PESHAWAR, Pakistan – Twin suicide bomb blasts that killed at least 80 paramilitary recruits in northwest Pakistan on Friday — an attack that Taliban militants said was meant to avenge the killing of Osama bin Laden by U.S. commandos — could trigger new doubts among Pakistanis about the value of Islamabad’s already rocky relationship with Washington.

The bombers targeted scores of Frontier Constabulary paramilitary recruits who had just completed six months of training and were boarding vans outside the center’s main gate before going on a 10-day leave, police and survivors said. The base is located in Shabqadar, a town near the edge of Mohmand, a tribal area where Pakistani troops have struggled for years to rein in Pakistani Taliban militants.

The attack was Pakistan’s deadliest this year, and the first major terror strike in the country since bin Laden’s killing.

Pakistanis have grown increasingly worried that they will bear the brunt of retaliatory attacks by militants angered by the May 2 killing of the al-Qaida leader by U.S. Navy SEALs at his compound in the military city of Abbottabad, which he used as sanctuary for five years. Washington’s decision to carry out the mission without Islamabad’s knowledge or authorization angered many in Pakistan who saw the effort as a gross violation of their country’s sovereignty.

Reacting to news of the blasts, Bashir Bilour, a senior minister for Khyber-Pakhtunkhwa province, questioned whether, despite the billions of dollars that Pakistan receives from Washington in economic and military aid, the country was paying too heavy a price for its role as an ally in the war on terror.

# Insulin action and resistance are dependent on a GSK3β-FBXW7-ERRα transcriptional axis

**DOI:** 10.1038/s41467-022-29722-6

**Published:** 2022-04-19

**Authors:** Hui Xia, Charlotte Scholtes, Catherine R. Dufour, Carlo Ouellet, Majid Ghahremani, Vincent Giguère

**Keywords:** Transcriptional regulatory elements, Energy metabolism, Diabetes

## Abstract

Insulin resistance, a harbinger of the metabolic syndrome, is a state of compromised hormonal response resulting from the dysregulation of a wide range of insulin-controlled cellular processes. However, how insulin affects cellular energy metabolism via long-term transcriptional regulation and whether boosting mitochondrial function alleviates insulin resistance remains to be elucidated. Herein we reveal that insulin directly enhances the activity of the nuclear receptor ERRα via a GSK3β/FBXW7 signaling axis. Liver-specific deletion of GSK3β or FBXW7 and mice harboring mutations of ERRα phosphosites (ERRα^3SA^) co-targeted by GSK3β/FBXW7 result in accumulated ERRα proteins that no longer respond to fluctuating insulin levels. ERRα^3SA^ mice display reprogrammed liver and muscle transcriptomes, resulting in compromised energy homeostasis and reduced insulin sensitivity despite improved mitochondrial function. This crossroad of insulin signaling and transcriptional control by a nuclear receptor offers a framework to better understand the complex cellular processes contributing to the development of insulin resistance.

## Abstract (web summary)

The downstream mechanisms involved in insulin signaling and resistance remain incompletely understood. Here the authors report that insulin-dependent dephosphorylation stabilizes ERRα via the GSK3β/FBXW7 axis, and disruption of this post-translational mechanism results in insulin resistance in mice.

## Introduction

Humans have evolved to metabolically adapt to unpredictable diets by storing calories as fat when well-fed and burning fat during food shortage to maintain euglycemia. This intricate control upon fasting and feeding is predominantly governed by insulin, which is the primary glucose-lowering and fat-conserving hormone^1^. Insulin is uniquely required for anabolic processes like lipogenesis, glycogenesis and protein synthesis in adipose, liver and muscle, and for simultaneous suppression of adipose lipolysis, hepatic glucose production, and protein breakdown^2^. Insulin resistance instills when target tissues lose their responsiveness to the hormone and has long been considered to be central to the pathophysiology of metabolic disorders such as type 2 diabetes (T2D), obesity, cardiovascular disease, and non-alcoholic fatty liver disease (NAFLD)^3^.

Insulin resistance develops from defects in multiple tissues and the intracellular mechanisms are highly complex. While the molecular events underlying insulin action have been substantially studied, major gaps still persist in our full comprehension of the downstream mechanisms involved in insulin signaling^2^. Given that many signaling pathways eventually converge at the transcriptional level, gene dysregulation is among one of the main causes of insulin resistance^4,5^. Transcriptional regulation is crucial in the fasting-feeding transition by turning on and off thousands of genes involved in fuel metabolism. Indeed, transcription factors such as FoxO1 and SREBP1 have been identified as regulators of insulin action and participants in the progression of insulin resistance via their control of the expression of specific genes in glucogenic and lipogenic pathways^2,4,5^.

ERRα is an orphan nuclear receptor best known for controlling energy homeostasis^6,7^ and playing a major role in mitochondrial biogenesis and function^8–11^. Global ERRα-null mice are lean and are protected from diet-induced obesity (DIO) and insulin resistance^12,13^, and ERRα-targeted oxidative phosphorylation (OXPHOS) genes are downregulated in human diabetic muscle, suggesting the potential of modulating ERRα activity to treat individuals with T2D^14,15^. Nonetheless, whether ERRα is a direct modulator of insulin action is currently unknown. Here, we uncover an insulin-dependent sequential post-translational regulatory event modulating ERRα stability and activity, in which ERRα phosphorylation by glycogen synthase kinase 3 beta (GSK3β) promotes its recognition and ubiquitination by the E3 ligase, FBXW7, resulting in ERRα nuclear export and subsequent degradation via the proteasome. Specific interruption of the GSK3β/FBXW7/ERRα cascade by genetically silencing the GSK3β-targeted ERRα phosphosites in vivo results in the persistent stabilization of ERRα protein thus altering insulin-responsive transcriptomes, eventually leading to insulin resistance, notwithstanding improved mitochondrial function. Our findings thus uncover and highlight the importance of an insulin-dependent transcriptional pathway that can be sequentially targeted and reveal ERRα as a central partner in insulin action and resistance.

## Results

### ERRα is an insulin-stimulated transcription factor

“I don’t care if someone is giving us money; we are not a purchasable commodity,” Bilour told reporters in Peshawar. “We cannot be bought. We can live in hunger, but we won’t compromise our national interests.”

The Pakistani Taliban claimed responsibility for the attack, explaining it was the first of a wave of planned strikes meant to avenge bin Laden’s killing, according to news agencies and Pakistani media. The Pakistani Taliban, the country’s homegrown insurgency, is closely allied with al-Qaida and is one of several militant groups that have provided the terrorist network sanctuary in the volatile tribal region along the Afghan border.

The bombers struck at a time when recruits appeared to be particularly vulnerable — just as they were leaving the training center in large groups.

As the recruits loaded their luggage onto the vans, a bomber on a motorcycle drove up and detonated his explosives near the main gate. Moments later, a second bomber on foot detonated a larger blast as onlookers rushed to help recruits wounded in the first explosion.

Most of the dead were recruits, police said. More than 100 people were injured.

“I was just four yards from the gate when the first blast threw me to the ground,” said recruit Ajsam Ali, 20, from his hospital bed in Peshawar, where he was recovering from wounds to his head, left arm and left foot. “The air was black with smoke and I couldn’t see. It was chaos. People were screaming. There were dead and maimed people lying all over the street.”

Tahir Ali, a Frontier Constabulary soldier assigned to the center, said 62 paramilitary troops were providing security as recruits boarded their vans about 6 a.m. However, the recruits were exposed to pedestrians and morning traffic moving past. More than 800 recruits were streaming out of the base, bags in hand.

Maroof Khan, a 20-year-old paramilitary recruit, said he was loading his baggage onto a van when the first blast knocked everyone to the ground.

“I was hit in my leg, but I managed to hobble to a nearby mosque,” he said. “Everyone was in a panic. Suddenly, there was a second, much larger explosion. I looked around and saw many of my friends dead on the ground.”

“This is so cruel, attacking young recruits like this,” Shafiq ur-Rehman, a 21-year-old recruit, said from his hospital bed, surrounded by a ward filled with recruits in bloodied tunics, some of the victims wailing in pain. “We’re just innocent kids. We’ve never harmed anyone. These are young boys that they’ve killed today.”